I took about a 500 mile trip on my bike ('95 RF 600) this weekend. Since I got back I've noticed that starting from a stop, there is a strange grinding/pinging sound and I can feel it in the foot pegs. I've tried in 2nd too just to make sure it isn't only 1st. I've already checked my chain tension and front and rear sprocket for wear. I stopped at some Po-dunk gas station on the way home. Maybe I just got bad gas? It might just be knocking. But the vibration I can feel in the pegs worries me. It only does it below 4-5 k and only at low speed. Taking the cage until I get this figured out. Any input is greatly appreciated.:crying:
 


Some yrs ago a friend topped up with some on this grain fuel. His bike ran like it was on its last few miles. At home he dunked the above fuel, put in good petrol & the end of his problems.

With that in mind he wrote to warn me knowing I was riding cafe racers & simply did not want me to run into the same.

ALWAYS obtain you fuel from places that have fresh underground tanks & the new station building, new pavement & the newer pumps is another bit of proof. So hope that is the answer.

Like to hear what the outcome is by answering on this board as it is a tip to all of us.
 


Always measure the slack and set according to factory recommendations for your model bike with any error in favor of the loose side, not too tight. As the suspension moves through its travel it actually tightens the chain with the tightest spot being when the transmission output shaft, swing arm pivot, and rear axle are in alignmnent. This happens because the swing arm pivot and transmission output shaft are on two different centers, swinging two different arcs. The side stand slack setting is to allow enough play so that at the tightest point, there is no bind. A proper setting actually results in almost no play at the tightest point in the suspension travel. Too little play on the side stand and it's binding under load.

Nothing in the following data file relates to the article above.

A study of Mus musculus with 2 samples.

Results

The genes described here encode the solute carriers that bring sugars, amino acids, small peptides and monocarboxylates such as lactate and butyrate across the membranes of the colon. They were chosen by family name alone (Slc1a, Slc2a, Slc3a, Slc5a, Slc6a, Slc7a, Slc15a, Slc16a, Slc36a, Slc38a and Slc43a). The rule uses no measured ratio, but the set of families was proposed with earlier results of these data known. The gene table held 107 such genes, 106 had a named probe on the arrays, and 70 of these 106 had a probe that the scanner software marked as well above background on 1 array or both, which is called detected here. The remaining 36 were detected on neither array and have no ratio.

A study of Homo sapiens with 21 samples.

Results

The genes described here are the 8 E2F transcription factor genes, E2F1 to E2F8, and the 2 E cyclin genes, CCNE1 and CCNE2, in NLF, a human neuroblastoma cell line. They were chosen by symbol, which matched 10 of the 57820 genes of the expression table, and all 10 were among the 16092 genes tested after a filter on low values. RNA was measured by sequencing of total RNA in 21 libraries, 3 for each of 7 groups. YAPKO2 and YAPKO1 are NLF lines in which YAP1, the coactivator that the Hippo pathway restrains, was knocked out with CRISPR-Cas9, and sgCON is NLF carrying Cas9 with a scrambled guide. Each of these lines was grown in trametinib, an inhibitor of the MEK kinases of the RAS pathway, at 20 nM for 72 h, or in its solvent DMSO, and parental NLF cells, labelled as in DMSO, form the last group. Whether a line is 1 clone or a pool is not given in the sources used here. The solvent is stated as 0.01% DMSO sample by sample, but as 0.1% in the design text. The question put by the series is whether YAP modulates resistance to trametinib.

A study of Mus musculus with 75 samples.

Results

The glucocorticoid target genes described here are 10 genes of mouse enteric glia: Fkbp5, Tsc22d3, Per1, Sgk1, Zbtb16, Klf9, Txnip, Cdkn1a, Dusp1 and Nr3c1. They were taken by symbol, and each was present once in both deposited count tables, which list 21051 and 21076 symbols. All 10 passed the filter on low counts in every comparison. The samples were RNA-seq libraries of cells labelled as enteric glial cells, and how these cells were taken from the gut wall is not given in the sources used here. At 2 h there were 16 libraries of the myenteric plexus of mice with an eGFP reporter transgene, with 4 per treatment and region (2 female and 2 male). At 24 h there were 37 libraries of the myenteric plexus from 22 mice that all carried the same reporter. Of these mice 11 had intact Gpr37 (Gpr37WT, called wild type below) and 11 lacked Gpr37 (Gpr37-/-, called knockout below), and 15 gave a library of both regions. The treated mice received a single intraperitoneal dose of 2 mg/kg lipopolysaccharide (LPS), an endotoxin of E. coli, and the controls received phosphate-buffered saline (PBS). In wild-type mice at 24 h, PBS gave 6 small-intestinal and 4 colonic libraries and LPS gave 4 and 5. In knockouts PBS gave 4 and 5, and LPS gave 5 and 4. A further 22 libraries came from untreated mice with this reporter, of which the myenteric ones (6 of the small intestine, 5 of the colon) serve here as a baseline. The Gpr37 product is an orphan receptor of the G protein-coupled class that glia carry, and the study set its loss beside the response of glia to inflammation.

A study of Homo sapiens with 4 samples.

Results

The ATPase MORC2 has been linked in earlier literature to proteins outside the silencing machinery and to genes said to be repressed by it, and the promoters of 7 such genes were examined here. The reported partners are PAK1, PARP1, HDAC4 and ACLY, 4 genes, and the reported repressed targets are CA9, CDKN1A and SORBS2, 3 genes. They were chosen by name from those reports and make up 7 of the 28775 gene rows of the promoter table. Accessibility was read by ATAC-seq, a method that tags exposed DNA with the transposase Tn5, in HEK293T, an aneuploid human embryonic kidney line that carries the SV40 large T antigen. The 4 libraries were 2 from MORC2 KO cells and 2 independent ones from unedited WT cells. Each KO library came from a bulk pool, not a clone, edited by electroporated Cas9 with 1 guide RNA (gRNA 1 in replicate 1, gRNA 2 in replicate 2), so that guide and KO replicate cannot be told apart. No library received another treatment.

I ask about rain riding because that cleans every trace of lube off the chain immediately. Carry a small lube can and lube the chain as soon as the rain stops.
 

Thanks for the input Dad. I didn't ride in the rain, but it did sit outside in the rain for a night. I'll lube it tonight when I get home. I was looking through the manual and it says to never use chain lubricant, but instead to use motor oil. What is the reason for this? I also plan to put it on the center stand and check for tight spots. I think it might be a combo of bad gas and tight chain making the noise/vibration. I'll keep you posted. Thanks.
 


I had a problem last season where my bike would make a kind of "clack" when I'd let out the clutch in 1st or 2nd. Just as it started rolling, you could also feel a thunk through the footpegs. It was very noticable.

It seemed to go away when I'd clean the chain, but then come back shortly after. My chain also seemed to be beginning to bind (I dunno how old it was, came with the bike), but it still looked reasonably good. I replaced the chain at the start of this season and so far haven't had the problem re-appear. I'd like to say that was definately the solution, but unfortunately I also added a shift kit that involved removing/re-installing the clutch...

I would bet on chain though if you're problem seems to be what I'm describing.
 


Two ways to sport this, with ease. With the bike not in gear simply go to the most rear part of the sprocket & if you can pull back on the chain while still on the the sprocket ------- probably shot chain.

Hike bike up on a stand & when you roll the r/wheel around & see the chain sort of hopping up & down at the lower portion ---definately a shot chain.